MYS Oregon to Iberia

Rooted in music: Metropolitan Youth Symphony plays works touching on the environment

MYS performed world premieres of music by Nancy Ives and Charles Martin alongside Beethoven and Lalo.

Composer-cellist Nancy Ives. Photo by Joe Cantrell.

With a program centered on the theme of “Rooted,” the Metropolitan Youth Symphony Orchestra filled Newmark Theatre on March 3 with several pieces that touched on the environment. Led by MYS Music Director-Conductor Raúl Gómez-Rojas, the concert included pieces by Beethoven and Édouard Lalo, and world premieres by Nancy Ives and Charles Martin. It all added up to an excellent way to root great music into the lives of some of Oregon’s young musicians. 

One of the coolest things about this orchestra is its partnership with the Fear No Music’s Young Composers Project, which promotes the writing of new works by talented youth. For this concert, the MYS performed The Steadfast Tin Soldier by Charles Martin, an accomplished, homeschooled 17-year-old who has been very active in the Portland metro area as a composer, pianist, and singer.

Based on the Hans Christian Anderson story with the same name, The Steadfast Tin Soldier, Martin’s music portrayed a tragic tale involving metal toys. Martin deftly portrayed the characters with combinations of instruments, such as the bassoon and lower strings for the toy king, and conveyed the events of the story with evocative musical passages: the tin soldier marched about, the princess danced with an elegant legato, and the selfish toy king became aggressive with trumpets blaring. There were some moments in the piece that reminded me of Prokofiev (perhaps Lieutenant Kijé) before chaos ensued with the toy king unleashing his troops on the soldier. The ending expertly captured the fire and the dying embers, with the soldier and the princess melted together. 

While the audience enthusiastically acknowledged Martin’s music with cheers and applause, he was blocked from coming to center stage by a wall that was at least waist-high. Martin overcame that challenge by simply hoisting himself and stepping over the wall. That was a feat that I expect never to see a composer do again, but showed Martin’s resolve and pluck and bodes well for his future!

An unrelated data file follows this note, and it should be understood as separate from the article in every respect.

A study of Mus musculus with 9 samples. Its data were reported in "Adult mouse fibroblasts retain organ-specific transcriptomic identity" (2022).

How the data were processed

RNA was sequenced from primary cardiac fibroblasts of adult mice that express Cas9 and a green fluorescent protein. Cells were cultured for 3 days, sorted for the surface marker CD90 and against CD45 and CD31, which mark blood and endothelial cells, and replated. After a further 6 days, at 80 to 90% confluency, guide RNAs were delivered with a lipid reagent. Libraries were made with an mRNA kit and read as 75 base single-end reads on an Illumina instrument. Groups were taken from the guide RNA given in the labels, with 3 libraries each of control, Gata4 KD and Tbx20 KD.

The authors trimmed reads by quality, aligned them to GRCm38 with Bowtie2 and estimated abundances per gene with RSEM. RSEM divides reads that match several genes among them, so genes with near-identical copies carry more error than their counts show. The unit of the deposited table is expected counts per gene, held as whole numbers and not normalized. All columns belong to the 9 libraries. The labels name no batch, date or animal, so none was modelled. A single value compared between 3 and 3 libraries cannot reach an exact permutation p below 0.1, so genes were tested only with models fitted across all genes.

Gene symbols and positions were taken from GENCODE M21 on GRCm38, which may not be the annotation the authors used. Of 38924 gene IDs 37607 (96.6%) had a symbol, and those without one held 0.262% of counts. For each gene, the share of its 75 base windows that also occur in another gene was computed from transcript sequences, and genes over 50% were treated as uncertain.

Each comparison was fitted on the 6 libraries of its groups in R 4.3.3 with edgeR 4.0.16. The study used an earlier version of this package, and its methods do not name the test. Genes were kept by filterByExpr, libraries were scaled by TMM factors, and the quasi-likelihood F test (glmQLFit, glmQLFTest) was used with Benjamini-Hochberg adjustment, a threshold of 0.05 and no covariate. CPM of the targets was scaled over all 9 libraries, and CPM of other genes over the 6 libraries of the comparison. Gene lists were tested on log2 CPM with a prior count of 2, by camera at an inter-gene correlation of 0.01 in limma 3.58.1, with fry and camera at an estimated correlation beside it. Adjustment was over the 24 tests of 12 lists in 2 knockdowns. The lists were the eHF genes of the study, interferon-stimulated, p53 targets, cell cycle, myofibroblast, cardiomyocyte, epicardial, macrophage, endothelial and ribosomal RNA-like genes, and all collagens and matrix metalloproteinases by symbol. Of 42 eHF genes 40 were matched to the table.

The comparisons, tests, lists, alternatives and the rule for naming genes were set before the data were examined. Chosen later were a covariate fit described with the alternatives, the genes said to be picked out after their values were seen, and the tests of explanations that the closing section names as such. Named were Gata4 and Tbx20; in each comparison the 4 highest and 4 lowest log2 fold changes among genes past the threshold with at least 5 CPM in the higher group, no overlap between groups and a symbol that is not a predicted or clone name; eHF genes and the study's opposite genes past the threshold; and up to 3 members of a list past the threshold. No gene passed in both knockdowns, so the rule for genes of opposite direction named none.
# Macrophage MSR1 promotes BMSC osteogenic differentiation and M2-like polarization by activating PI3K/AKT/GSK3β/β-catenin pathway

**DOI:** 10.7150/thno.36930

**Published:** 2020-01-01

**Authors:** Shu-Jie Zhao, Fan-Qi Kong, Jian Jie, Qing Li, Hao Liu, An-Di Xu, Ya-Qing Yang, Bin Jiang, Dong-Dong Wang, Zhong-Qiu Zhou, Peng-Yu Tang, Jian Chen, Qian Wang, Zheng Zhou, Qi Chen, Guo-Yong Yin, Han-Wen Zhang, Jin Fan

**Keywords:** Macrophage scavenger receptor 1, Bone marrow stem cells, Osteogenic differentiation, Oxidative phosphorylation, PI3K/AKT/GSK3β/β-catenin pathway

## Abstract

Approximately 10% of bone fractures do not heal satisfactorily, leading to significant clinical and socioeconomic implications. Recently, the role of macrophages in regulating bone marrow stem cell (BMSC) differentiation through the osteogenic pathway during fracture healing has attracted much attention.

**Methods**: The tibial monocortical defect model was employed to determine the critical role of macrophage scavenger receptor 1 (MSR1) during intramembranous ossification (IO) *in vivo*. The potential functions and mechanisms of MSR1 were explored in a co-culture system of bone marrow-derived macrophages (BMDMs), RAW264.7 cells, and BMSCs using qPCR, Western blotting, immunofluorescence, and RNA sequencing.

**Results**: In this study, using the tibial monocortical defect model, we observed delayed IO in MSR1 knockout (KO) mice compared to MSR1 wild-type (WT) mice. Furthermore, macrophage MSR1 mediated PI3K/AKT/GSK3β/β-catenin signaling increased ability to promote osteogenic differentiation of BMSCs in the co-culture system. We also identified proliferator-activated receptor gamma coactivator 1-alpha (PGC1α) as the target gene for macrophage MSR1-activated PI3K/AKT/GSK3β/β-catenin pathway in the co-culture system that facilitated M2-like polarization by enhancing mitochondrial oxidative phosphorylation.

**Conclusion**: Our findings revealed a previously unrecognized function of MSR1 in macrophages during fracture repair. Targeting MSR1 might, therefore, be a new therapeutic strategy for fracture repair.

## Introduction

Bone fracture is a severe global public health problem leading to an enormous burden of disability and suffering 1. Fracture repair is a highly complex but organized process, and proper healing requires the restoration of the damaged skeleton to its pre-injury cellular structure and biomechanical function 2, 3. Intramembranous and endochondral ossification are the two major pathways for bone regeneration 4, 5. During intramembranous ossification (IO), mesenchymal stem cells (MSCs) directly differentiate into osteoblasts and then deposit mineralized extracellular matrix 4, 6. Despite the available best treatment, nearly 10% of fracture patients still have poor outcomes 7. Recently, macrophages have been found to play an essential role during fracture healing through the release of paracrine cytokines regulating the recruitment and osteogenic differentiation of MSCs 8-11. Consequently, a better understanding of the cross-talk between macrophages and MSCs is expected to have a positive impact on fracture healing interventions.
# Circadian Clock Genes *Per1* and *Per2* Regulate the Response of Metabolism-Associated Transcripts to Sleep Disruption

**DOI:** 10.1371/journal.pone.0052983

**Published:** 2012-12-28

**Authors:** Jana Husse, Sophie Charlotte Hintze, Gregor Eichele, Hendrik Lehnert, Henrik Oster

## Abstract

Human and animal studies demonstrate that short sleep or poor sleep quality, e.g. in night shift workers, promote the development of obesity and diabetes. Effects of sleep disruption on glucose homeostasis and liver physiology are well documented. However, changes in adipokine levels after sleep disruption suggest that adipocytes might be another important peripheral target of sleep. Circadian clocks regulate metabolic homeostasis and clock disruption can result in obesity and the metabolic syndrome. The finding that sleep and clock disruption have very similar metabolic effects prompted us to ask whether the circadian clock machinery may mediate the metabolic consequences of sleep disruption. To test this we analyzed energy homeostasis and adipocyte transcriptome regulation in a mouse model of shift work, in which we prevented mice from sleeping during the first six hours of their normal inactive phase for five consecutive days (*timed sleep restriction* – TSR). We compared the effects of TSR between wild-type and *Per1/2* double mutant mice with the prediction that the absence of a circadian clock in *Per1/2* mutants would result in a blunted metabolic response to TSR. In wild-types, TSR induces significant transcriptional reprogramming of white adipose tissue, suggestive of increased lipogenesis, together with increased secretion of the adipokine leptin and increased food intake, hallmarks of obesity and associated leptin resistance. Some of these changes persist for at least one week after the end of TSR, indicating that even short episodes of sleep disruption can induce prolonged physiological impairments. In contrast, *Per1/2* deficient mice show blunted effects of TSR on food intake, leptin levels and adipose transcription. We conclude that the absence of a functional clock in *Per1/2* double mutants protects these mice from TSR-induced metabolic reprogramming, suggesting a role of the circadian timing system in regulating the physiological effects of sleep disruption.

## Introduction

With Pando by Nancy Ives, the orchestra painted the picture of a quaking aspen that lives in the mountains of Utah. It is considered the world’s largest tree because it has a root system that extends 106 acres. A delicate roll of sound from the timpani created a breeze, accompianing rainfall generated by flutes glissando-ing downwards and tapping from the strings. After a brief pause came a “plunk” from the double bases, indicating the seed finding its way into the soil. From that point on the orchestra wove a sonic tapestry to evoke roots vigorously spreading into the soil and branches extending skyward. Concertmaster Jaden Yazhari executed his solo with great sensitivity and the cellos excelled with a lovely melody. A demonstrative interruption from the timpani signaled trouble, and the trumpets took over with a repetitive line that traveled into the entire ensemble before fragmenting and fading into the distance. That may have suggested a forest fire. Did the tree survive?

In case any reader was wondering, Ives did not have to jump a wall to come to center stage for her bow. Since her piece was in the second half of the program, the ushers had plenty of time to direct her through a side door to the stage, and she received loud acclaim from the audience.

The first movement of Édouard Lalo’s Cello Concerto received a scintillating performance by Ian Ko, who won the MYS Concerto Competition in the strings category. The 16-year-old cellist, a student of the Oregon Symphony’s Marilyn de Oliveira, elicited a rich, warm tone in the “Lento” movement and then turned on the jets to race through the challenging “Allegro Maestoso.” Accompanied with sensitive playing from the orchestra, Ko expressed the beauty of the concerto and made it all look easy-peasy to boot. That resulted in a standing ovation and thunderous applause from all corners of the hall.


The concert began with Giancarlo Castro D’Addona leading the Concert Orchestra in the Overture to Mozart’s The Magic Flute and the Overture to Rossini’s Barber of Seville. Playing each piece with pep and verve, the ensemble, which has younger students than the MYS orchestra, demonstrated an excellent environment for healthy, young musical roots to grow. 


James Bash enjoys writing for The Oregonian, The Columbian, Classical Voice North America, Opera, and many other publications. He has also written articles for the Oregon Arts Commission and the Grove Dictionary of American Music, 2nd edition. He received a fellowship to the 2008 NEA Journalism Institute for Classical Music and Opera, and is a member of the Music Critics Association of North America.